Subject Re: Accessing cache validities from flow
Date Wed, 17 Dec 2003 23:07:42 GMT

On 16 Dec 2003, at 14:02, bernhard huber wrote:

> hi,
> <snip/>
>> Now, the way the event cache works is like this:
>>   a) a cache validity is generated
>>   b) pipeline is executed
>>   c) result is stored in the cache
>> then the pipeline is never called, until an event is triggered
>> externally (from an avalon component) that invalidates that particular
>> cache entity.
> Some experiences I had using some sort of simple Servlet Cache Filter 
> using
> caching by sessionid:
> The session is not touched as long the cache entry is valid, the 
> session
> gets
> expired due to this caching.
> But perhaps that's just an issue of the servlet engine, or the Servlet
> CachFilter issue,
> Your sentence ..the pipeline is never called, just reminded me of the 
> that
> situation,
> and of the danger of pruning to optimistically.

Thru my JSR 170 work, I've been exposed to what Day Software does with 
their Communique CMS.

What they do is very simple architecturally yet extremely elegant and 

They don't use the file system. Never. They store everything in a 
repository. Consider it a virtual file system with observable hooks for 
now (it's much more than that but it's not important for this 

Whenever a resource is generated by the publishing layer, this layer 
instantiates a sort of "reading transaction" so that the repository can 
keep track of all the dependencies of that particular resource.

Note that they have libraries that, for example, generate images out of 
markup (sort-of Batik serializer style) so those dependencies might be 
quite big (I heard up to 100 files for a single resource).

When a resource is modified into the repository, the tree of 
dependencies is crawled "backwards" and all resources that depend on it 
gets invalidated. Invalidation gets all the way up to an Apache module.

This allows Communique to handle *extreme* load (they run Sony Style 
with just two boxes for fault tollerance and simple load balancing and 
that site generates tens of millions of requests per day, with huge 
peaks at break times). Note that communique is a 100% pure java servlet 
and the repository is all java again and runs in the same JVM: no 
database at all, no networking overhead.

How do that do that? well, first thing is that most requests are 
handled directly by the web server... the servlet engine is called only 
when the resource needs to be regenerated.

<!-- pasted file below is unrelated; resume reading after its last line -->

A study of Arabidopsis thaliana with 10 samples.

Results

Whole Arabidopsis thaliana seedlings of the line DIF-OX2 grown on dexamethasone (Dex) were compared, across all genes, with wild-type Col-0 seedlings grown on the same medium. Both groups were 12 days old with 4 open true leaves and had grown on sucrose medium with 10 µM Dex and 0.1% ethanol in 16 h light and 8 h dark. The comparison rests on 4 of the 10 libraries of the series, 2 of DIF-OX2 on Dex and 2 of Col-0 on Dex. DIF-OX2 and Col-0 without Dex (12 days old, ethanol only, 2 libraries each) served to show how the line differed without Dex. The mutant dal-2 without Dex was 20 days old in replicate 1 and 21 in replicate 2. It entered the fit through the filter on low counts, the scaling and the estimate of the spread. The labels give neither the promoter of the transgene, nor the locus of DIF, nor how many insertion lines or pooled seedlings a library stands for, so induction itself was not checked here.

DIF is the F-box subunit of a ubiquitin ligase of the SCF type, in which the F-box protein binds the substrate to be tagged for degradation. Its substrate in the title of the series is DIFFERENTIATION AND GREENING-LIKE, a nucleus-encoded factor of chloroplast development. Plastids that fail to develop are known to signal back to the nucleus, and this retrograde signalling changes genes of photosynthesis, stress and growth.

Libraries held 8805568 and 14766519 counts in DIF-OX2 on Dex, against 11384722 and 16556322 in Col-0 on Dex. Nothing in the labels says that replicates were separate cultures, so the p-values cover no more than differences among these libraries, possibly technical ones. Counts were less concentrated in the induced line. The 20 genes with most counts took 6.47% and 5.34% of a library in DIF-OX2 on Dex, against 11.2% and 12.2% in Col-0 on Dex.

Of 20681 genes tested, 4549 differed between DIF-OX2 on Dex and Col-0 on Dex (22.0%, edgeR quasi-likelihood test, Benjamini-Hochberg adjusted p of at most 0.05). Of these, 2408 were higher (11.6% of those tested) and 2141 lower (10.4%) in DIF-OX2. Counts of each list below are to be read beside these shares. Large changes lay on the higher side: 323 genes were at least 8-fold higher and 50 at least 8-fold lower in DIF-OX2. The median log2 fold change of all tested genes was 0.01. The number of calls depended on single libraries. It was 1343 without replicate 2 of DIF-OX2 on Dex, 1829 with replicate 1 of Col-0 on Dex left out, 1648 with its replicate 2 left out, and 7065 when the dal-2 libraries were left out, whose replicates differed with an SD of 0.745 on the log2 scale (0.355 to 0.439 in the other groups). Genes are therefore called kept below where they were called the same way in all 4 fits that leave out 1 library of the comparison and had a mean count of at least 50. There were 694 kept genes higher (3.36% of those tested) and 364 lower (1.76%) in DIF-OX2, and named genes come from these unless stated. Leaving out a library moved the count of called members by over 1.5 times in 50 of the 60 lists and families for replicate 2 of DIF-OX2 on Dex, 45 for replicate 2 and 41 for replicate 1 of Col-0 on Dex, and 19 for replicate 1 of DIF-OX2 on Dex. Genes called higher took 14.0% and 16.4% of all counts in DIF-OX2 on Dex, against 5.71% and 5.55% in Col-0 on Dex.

This leaves the machines almost doing nothing all day (if you run stuff 
from mod_cache, you can fill a T1 with a 486) and ready to go when a 
new resource has to be generated.

Now, the drawbacks:

  1) if you are *not* in control of your data environment, the above 
system doesn't work... unless you have synchronous polling on the 
datasources... which is not any better than the caching system we have.

  2) the caching strategy is centralized. I'm not sure if components can 
have their own, but for sure it's a pain. [note: they don't have a 
pipelined rendering layer, just a one stage, template driven, approach]

Communique is a publishing system on steroids, so I hear that writing 
an entire web application with Communique is probably harder than using 
a simple webapp framework.

Cocoon wants to do both things and do them well, with as less effort 
and code as possible.

Cocoon cannot has a predefined global caching strategy, it doesn't make 
sense. But it *does* make sense to have a pipeline-granular caching 
strategy, with the ability to modify it at the component level.

We have this already, we just need to polish it up a little and find 
out what is *really* useful and how things can be made more usable.

Today, modifying the caching strategy at the component level is black 
magic: nobody does. I'm scared about it myself, so I can't even imagine 
users trying to do this themselves.

The off-the-shelf pipeline caches have some "magic" associated to 
it.... they are black boxes, basically, nobody really knows when 
something is caching or not.... it's hard to tell, hard to visualize, 
hard to control, hard to tune and hard to modify.

This makes the whole thing much less powerful than it really is.

You know how much I care about caching, but there is still a lot of 
work to do... expecially now that new "inverted" scenarios of use are 
going to appear on the horizon with observable repositories.